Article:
Friday, December 28, 2007

Hindutva and radical Islam: Where the twain do meet

When you come across an article which says everything you all along wanted to say, which articulates superbly what you yourself had strongly felt, which tries to tell something that's almost a taboo to say in our media, it makes it a delightful experience to read. Dear reader, please read this column by Arun Shourie in Indian Express.

Sunday, December 23, 2007

Victory for democracy

Normally, elections are fought between political parties. Media's role is ideally that of an observer. Gujarat 2007 was different. Media's role was that of an active political participant. There was a clear bias that media blatantly displayed against the incumbent. Modi, the incumbentChief-Minister, had to fight not just the Congress but also the partisan. Despite the tremendous development work which he had carried out, despite a terror free, riot free Gujarat he delivered, the media was loathe to acknowledge it. Even when they did, it was grudgingly. They called him names that can be euphemistically described as unparliamentary. Enthused by a complementary media, the Congress breached all levels of decency and called Mr. Modi 'Merchant of death'. Modi said that this would be an election only based on development agenda. But when somebody abuses you the way the Congress and the media did, that too in the midst of an election campaign, one would be forced to respond. And when he did that, he was accused of 'communalising' the agenda. But Modi carried on unperturbed.

Modi, also had to fight the very visible dissidence in his own party. The RSS also, reportedly, was not very enthusiastic about Modi's 'style of governance.' So Modi took it upon himself to carry the BJP to another victory. He placed his hope in the hands of people.

The election day arrived. People came in huge numbers. Exit pollsters theorized that large turnout means bad news for BJP. After two phases of polling, these shameless creatures called psephologists, who pride themselves on getting stupendously wrong every time, predicted that Modi may just scrape through. They said landslide victory for BJP is impossible while a congress victory is not impossible. They attributed this 'hypothetical' loss to such unverifiable reasons like 'authoritarian rule', 'Modi not being a team player' and whatnot.

On counting day, when it became increasingly clear that Modi was heading for a comfortable win, to me, it was the greatest victory for democracy. Here's a leader who goes directly to the people and ask them to vote for him for whatever good he has done to them. People respond to him and how magnificently. They give him another landslide win. It clearly showed, in a democracy, no matter who is with you or against you, you can win if people are with you. People are the power in a democracy. This was just what the Gujarat election exemplified in an unmistakable way. It also showed people will be with you if you deliver them good governance and provide an environment that's terror and violence free.

It also meant, quite significantly, that media should now have to seriously to introspect about its conduct, about its objectivity or the lack of it. Otherwise the media is sure to lose a lot of credibility pretty fast. Men like Yogendra Yadav and Dorab Sopariwala, had they been in any other job, would have been fired for their colossal failure in their job. Never have they got their predictions even remotely near the actual figures. Particularly Yadav, exhibits too much of his political inclinations and that is something that is disturbingly blatant for a viewer to see in a credible political analyst that Yadav claims himself to be.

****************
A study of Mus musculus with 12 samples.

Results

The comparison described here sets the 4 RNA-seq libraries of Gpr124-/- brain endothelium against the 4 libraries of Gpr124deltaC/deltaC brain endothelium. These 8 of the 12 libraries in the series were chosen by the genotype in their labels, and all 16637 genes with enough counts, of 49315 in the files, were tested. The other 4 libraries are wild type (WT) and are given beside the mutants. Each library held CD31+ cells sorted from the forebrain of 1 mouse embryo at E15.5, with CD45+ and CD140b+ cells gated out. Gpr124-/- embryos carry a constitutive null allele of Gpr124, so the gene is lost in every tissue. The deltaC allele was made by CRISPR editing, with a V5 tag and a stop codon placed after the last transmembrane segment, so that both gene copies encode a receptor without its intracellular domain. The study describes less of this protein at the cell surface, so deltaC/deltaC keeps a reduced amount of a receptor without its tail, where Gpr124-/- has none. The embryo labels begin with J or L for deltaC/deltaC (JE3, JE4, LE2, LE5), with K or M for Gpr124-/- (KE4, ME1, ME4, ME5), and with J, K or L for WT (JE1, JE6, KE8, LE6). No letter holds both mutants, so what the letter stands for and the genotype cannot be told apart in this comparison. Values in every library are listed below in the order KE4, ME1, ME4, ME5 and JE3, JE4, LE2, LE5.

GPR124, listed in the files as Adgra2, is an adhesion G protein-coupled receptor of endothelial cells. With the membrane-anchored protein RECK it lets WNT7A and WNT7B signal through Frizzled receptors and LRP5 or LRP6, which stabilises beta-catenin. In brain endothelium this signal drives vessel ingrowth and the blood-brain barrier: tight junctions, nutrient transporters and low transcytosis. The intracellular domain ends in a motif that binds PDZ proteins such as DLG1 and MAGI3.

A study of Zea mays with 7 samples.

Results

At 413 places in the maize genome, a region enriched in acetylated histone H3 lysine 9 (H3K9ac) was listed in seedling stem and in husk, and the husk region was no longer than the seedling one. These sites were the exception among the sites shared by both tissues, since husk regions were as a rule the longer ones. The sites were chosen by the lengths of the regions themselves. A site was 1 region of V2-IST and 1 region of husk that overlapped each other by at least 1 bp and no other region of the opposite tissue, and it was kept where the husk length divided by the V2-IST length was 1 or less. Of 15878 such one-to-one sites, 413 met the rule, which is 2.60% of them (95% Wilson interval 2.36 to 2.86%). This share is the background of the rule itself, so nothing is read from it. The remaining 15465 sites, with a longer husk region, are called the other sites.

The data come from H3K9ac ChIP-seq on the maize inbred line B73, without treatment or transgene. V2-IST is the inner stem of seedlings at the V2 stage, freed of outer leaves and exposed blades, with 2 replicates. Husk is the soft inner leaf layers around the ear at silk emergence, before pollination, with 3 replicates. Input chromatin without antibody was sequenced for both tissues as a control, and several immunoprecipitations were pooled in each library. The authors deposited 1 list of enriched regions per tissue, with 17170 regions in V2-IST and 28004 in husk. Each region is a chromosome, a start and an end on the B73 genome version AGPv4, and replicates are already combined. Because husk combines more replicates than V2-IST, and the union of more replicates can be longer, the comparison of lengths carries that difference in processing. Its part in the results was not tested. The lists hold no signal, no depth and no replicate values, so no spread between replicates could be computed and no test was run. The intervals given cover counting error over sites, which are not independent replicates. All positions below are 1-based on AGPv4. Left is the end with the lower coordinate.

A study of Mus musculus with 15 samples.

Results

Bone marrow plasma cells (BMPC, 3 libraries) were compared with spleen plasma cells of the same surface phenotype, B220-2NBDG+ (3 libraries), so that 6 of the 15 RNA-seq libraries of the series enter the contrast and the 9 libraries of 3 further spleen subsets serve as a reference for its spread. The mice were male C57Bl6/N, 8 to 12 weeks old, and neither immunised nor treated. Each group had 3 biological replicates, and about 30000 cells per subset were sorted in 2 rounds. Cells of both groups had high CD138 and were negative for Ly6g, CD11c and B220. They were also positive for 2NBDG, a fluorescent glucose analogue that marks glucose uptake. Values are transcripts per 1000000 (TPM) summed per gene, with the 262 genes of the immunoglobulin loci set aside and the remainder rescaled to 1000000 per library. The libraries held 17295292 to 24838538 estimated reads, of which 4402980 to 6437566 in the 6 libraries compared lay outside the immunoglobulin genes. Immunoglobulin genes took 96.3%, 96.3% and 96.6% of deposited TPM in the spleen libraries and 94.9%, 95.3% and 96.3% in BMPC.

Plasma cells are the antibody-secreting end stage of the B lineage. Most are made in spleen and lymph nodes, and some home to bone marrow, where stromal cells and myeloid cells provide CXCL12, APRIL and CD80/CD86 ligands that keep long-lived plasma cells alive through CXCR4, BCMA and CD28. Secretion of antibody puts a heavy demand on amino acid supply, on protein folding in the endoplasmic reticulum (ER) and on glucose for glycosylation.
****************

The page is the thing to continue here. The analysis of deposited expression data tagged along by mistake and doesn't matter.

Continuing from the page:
Finally, congratulations to Mr. Modi. He is certainly the man of the moment.

Monday, December 10, 2007


Siri, tagged me. Infact she didn't. She merely asked whether I could take the tag, with which she was tagged, forward.

This 'tagging' business, to be honest, appears very childish. I tag somebody. The said somebody has to write, as a consequence, things like,
5 things I would do if I had born fifty years later OR
5 things I would do to succeed in pet keeping OR
5 things I would avoid eating after lunch on odd numbered days OR
to put it more generally,
'n' things I would/had/should/similar-meaning-word followed by random combination of English words.
Here n is an integer >= 5 and preferably a prime number.

You would also have to write a list of five things that you would not do or would not want to do. GuruWrites is giving a general format for that too. Here it is.
'n' things I would-not/had-not/should-not/similar-meaning-word followed by
random combination of English words
Here n is an integer >= 5 and preferably a prime number.

And the tribulations of the person tagged does not end here. He has to 'tag' someone else. And then the agony shifts to that person.

This being the case, it's hard for me accept the offer of carrying forward the tag. But being the nice person that I am, I shall give it a try.

Here goes the 5 things I think, I would want to do before turning 60

  • Have children
  • Retire
  • Become the nation's Prime Minister atleast twice.
  • Visit Azerbaijan atleast once
  • Bridge the gap between the dialectic and the didactic. Probably make a movie that achieves this task. (Arjun, sorry for shamelessly using your 'idea'.)
5 things I would not do shall not be listed for lack of enthusiasm to list the same.

And nominating the next tag-bearer is also a task I shall refrain from doing. If any of the zillions of readers of this blog want to take it up, they are free to do so.